Lees in het Nederlands
The Young Academy applied the Participatory Value Evaluation (PVE) method. In the case of PVE, participants face the same dilemmas and constraints that policy-makers face and must propose solutions within the given constraints. Participants were also given the opportunity to justify and nuance their choices. This method has been developed by several research colleagues and has already been applied successfully in the case of large-scale participation procedures to issues that provoke fierce public debate, such as the lifting of COVID-19 measures.
In this project, The Young Academy is experimenting with a participatory process on science funding, which concerns all researchers in the Netherlands. If we were to ask all scientists and scholars in the Netherlands what their preference would be in that respect, what insights would that yield? Based on all these opinions, The Young Academy wants to see if it is possible to send a collective signal that will help policymakers make the right decision.
During the consultation, participants were asked to allocate a budget of €400 (low), €500 (medium) or €900 (high) million between the different funding instruments. Participants also saw the implications of their decisions: for example, success rates, the average time investment in writing grant applications or the number of PhD students or postdocs that could be engaged because of their choices. Respondents were also asked for their views on the fairness of the current system, their strategies for writing research proposals to improve their chances of receiving funding and their suggestions for changes within the funding landscape.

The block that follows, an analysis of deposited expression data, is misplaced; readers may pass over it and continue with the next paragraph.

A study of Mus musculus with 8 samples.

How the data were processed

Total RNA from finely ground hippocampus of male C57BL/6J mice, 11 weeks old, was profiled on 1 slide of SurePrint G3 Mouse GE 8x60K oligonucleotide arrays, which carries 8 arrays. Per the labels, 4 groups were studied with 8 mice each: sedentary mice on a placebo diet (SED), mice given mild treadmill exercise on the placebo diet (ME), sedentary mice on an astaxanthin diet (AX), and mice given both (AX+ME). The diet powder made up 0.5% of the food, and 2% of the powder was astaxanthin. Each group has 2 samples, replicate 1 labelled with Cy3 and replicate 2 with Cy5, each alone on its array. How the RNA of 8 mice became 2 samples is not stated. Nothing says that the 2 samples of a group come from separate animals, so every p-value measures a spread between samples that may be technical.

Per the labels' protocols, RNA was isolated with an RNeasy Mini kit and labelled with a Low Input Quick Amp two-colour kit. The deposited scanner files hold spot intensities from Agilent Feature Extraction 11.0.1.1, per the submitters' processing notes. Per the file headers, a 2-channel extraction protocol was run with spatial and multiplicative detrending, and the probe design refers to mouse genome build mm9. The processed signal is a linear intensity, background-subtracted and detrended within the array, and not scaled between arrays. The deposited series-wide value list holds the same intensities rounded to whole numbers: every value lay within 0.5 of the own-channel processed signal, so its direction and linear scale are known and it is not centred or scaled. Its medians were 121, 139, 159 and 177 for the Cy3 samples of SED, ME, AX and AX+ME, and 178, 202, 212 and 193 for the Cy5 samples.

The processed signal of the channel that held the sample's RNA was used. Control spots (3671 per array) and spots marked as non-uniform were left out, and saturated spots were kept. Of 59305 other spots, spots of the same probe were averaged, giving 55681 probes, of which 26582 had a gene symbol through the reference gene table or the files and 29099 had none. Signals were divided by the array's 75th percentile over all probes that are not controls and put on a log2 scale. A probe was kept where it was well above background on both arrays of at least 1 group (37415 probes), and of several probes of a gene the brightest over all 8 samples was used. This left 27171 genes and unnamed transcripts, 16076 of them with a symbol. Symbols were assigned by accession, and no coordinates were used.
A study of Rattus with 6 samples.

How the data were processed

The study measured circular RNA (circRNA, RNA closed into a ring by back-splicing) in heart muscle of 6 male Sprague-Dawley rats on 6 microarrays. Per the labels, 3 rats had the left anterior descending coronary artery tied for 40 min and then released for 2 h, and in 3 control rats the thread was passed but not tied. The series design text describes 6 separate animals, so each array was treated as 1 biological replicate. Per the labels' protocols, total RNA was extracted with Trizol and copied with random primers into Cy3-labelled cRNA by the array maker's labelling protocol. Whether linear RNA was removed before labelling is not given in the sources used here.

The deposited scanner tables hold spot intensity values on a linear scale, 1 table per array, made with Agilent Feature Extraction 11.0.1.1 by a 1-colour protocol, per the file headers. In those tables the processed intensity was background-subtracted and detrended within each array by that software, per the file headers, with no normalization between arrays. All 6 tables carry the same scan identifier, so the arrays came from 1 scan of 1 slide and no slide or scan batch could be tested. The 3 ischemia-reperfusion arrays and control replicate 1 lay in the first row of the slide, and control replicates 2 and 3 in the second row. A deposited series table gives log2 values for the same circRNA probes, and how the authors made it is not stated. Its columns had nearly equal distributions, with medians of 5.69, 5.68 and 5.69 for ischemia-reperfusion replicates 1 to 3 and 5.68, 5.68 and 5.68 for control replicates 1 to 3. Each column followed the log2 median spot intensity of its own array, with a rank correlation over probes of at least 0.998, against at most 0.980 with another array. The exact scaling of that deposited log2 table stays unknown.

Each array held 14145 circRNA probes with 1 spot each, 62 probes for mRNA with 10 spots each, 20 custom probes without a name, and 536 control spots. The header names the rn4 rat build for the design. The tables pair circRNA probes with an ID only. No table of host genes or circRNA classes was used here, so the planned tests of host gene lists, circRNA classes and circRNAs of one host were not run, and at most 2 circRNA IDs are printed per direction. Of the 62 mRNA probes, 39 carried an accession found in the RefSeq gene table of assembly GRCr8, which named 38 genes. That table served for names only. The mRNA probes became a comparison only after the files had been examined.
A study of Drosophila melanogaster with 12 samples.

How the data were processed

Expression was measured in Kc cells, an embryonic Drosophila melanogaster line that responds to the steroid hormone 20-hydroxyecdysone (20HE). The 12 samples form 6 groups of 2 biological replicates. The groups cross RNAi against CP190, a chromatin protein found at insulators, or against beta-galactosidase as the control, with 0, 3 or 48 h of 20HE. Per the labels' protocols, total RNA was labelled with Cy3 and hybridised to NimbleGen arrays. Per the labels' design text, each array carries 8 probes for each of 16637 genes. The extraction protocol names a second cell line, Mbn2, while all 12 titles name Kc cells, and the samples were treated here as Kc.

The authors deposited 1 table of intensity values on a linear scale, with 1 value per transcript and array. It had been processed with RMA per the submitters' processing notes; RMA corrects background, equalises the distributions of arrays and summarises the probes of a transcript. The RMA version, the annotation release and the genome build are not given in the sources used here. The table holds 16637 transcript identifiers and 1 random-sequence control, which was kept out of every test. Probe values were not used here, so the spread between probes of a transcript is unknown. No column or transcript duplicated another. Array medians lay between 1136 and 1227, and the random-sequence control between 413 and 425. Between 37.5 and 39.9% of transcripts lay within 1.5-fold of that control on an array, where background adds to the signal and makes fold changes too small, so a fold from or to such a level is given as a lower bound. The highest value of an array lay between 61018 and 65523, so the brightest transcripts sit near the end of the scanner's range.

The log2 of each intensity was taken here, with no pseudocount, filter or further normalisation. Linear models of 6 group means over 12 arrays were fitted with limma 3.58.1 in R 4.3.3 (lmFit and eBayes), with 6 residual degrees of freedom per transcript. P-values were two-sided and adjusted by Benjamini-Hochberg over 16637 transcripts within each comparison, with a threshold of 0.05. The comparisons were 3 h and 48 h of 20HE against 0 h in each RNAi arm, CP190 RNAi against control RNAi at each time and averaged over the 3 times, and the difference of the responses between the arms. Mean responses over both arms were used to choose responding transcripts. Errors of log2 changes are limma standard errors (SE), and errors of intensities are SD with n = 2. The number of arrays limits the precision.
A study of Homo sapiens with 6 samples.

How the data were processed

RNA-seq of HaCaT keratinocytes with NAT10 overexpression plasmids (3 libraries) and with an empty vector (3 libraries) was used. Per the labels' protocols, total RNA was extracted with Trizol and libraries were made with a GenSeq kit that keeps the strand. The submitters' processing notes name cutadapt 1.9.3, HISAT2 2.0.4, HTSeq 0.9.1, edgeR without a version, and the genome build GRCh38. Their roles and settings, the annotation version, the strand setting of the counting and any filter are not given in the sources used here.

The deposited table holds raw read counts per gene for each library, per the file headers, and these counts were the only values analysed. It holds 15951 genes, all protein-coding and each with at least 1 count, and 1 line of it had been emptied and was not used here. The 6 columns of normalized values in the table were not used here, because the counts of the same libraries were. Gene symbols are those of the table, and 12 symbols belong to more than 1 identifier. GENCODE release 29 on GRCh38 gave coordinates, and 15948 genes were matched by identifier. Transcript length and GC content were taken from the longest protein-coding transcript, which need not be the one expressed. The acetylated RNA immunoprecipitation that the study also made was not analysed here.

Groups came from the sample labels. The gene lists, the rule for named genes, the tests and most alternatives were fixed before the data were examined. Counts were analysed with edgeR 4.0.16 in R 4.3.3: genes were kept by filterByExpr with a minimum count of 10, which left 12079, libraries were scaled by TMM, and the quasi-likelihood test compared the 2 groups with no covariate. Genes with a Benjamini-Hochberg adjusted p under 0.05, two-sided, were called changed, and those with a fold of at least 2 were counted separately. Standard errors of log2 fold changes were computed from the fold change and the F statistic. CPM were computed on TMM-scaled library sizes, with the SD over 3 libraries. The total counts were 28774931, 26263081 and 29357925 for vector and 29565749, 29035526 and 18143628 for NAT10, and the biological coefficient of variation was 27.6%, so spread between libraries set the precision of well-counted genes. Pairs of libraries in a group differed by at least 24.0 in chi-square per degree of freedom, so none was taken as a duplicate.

The consultation was conducted in May and June 2022. The Young Academy has tried to bring the consultation to the attention of as many scientists and scholars as possible, including through local young academies of universities. This has resulted in the consultation being completed by 1,173 people. The fully anonymised data from this survey are publicly available and accessible via GitHub. The aim of the project is not to paint a representative picture. However, we are also not aware of any similar large-scale survey regarding this topic.
A report on the survey is currently being prepared. In the NWO magazine Onderzoek and on this webpage, the members involved explain more about the initial findings, such as that four in five participants advocate major changes in the Dutch science system. ‘Even in the group of researchers who get more than one in three of their funding proposals honoured, almost half still feel the process is not fair or better than a lottery.’ When asked for suggestions for change, structural funding for research is most often mentioned, followed by recognition of scientific tasks other than research, equal distribution of resources and less hierarchy.